September 15, 2014

Radio Free Asia, September 12, 2014 - Police in northwestern China’s Qinghai province have beaten and detained dozens of Tibetan villagers in a restive county after moving to quell violent clashes between two village groups over grazing rights, according to a local source.

The police assault last month in Rebgong (in Chinese, Tongren) county in the Malho (Huangnan) Tibetan Autonomous Prefecture left many badly hurt, with restrictions on the movements of Tibetans making it difficult to provide for medical care, an area resident told RFA’s Tibetan Service on Thursday.

“A young Tibetan named Shobe from Topa village was beaten so severely that he was left bedridden with fractured legs,” RFA’s source said, speaking on condition of anonymity.

“The hearing of a young man from the Lusar family was badly damaged in the assault, and a young man of the Gyatsung family named Tamdrin Gyal was driven insane by the severe beating he received and was moved to a psychiatric center in [the provincial capital] Xining,” the source said.

None of the injured received medical treatment, and it was left to family members to care for their injuries as well as they could, the source said, adding, “Restrictions on the movements of Tibetans has made it very difficult to take patients to faraway hospitals.”

“Special permits must be obtained from village leaders and township authorities,” he said.

Communal clashes

The police attack followed two days of violent clashes between Nyalung, a cluster of nine nomad villages, and Kurde, a cluster of five, that began on Aug. 10 when two yak herders from Kurde moved their animals onto ground shared by both groups, the source said.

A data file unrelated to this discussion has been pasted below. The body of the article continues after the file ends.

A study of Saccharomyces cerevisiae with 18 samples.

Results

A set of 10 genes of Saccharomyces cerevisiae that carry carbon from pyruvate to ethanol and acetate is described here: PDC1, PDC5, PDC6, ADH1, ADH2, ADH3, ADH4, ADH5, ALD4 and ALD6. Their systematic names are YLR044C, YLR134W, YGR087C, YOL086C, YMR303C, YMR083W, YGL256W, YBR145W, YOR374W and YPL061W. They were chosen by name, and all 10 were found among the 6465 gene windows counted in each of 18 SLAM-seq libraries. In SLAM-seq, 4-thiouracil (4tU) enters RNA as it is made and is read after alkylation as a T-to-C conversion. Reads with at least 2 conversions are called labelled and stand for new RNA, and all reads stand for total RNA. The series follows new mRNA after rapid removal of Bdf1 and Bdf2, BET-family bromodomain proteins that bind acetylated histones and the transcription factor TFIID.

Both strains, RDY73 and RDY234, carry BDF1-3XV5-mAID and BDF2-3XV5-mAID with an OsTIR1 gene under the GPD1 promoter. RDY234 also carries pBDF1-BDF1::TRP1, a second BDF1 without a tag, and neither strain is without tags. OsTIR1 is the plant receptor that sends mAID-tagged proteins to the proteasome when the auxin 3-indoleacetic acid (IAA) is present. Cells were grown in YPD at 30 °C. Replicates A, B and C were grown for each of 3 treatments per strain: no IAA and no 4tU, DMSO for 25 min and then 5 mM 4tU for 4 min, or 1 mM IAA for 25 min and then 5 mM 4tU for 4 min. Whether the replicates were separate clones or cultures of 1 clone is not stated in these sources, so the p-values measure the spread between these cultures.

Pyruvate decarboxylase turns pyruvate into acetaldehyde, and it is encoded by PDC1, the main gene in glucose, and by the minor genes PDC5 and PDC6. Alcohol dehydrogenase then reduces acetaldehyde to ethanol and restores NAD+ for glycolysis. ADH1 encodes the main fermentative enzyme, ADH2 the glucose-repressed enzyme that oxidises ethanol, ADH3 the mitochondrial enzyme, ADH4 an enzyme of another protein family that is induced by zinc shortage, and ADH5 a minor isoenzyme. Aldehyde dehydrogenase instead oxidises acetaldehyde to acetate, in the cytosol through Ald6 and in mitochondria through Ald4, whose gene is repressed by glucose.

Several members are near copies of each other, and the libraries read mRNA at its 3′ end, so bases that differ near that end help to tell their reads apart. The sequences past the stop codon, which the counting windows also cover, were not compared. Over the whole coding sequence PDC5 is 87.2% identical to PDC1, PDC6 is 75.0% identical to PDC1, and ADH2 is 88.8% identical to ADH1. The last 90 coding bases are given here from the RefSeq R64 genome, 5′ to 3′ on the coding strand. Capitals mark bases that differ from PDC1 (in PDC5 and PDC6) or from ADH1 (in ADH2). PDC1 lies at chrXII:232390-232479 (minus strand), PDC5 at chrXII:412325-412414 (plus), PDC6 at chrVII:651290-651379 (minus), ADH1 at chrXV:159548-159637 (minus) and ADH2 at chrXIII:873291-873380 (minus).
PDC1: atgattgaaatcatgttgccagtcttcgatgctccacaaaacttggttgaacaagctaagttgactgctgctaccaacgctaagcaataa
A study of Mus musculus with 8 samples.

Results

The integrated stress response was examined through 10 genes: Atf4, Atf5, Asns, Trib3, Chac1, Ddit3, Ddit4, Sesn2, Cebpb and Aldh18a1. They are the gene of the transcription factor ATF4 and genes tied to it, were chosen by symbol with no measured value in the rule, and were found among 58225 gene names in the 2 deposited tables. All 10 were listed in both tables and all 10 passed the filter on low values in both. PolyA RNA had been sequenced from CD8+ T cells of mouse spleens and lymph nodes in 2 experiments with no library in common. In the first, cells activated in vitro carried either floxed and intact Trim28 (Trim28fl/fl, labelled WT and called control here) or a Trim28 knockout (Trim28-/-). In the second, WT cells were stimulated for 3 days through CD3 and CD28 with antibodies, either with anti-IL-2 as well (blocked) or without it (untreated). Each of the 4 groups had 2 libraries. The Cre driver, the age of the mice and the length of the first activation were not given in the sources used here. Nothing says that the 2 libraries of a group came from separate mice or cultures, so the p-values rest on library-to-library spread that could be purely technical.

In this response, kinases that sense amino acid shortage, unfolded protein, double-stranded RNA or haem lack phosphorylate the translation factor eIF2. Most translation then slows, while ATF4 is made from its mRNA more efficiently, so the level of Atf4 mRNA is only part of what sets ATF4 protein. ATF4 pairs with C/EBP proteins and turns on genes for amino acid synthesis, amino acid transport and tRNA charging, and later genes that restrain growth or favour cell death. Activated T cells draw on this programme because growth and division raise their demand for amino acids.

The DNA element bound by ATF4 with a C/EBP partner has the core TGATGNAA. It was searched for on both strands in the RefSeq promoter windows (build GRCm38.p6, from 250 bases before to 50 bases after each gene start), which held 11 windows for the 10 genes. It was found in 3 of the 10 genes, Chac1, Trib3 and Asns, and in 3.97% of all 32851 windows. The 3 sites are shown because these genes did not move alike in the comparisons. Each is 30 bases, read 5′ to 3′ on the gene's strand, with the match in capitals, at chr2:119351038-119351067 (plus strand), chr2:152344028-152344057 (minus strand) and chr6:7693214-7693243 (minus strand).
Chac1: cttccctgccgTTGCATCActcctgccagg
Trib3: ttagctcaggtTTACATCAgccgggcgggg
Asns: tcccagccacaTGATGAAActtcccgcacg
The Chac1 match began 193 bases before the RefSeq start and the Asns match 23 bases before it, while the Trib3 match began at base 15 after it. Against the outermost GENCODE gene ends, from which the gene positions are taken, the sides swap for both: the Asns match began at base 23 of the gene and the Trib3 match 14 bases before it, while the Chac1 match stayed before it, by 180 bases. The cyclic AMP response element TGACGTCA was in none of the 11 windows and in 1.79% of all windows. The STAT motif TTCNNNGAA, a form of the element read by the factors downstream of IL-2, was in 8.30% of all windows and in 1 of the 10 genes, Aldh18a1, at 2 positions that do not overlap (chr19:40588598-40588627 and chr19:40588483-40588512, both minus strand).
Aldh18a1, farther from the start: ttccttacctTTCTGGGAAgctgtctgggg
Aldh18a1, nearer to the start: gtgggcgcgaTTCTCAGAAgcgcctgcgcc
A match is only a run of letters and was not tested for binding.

“Some members of the Nyalung villages went to the area to drive the herders away, and when the Kurde herders refused to move, the Nyalung youths beat them up,” he said.

The next day, Kurde villagers marched on Nyalung with stones and knives, passing by two monasteries whose lamas and monks were unable to persuade them to stop their assault, he said, adding that members of both communities were seriously hurt in the clash that followed, with one youth from Nyalung’s Aril village killed in the fighting.

On August 12, a “huge contingent” of Chinese police arrived in the area and threatened to detain the Kurde villagers, and the younger Kurde residents ran into the hills to escape, the source said.

Forty members of the Kurde group were then detained, with another 17 youths later taken into custody from Kurde’s Donyam village, and the Chinese then called on the Kurde youths who had escaped into the hills to surrender, promising that if they confessed to their crimes they would be pardoned.

“But when they came down to the village, they were severely beaten and detained,” the source said.

“The local communities were then gathered together, and all those who had been detained were paraded before them as a warning,” he said.

Clashes over resources among Tibetans in Rebgong have occurred in the past, with rival groups sometimes battling over access to the valuable cordyceps, or “caterpillar,” fungus—a parasitic fungus that is prized for its purported medicinal properties.

In May last year, violent disputes left at least two dead and three wounded, with exiled spiritual leader the Dalai Lama urging “an end to these actions that bring disgrace to the Tibetan people.”

Reported by Kunsang Tenzin for RFA’s Tibetan Service. Translated by Karma Dorjee. Written in English by Richard Finney.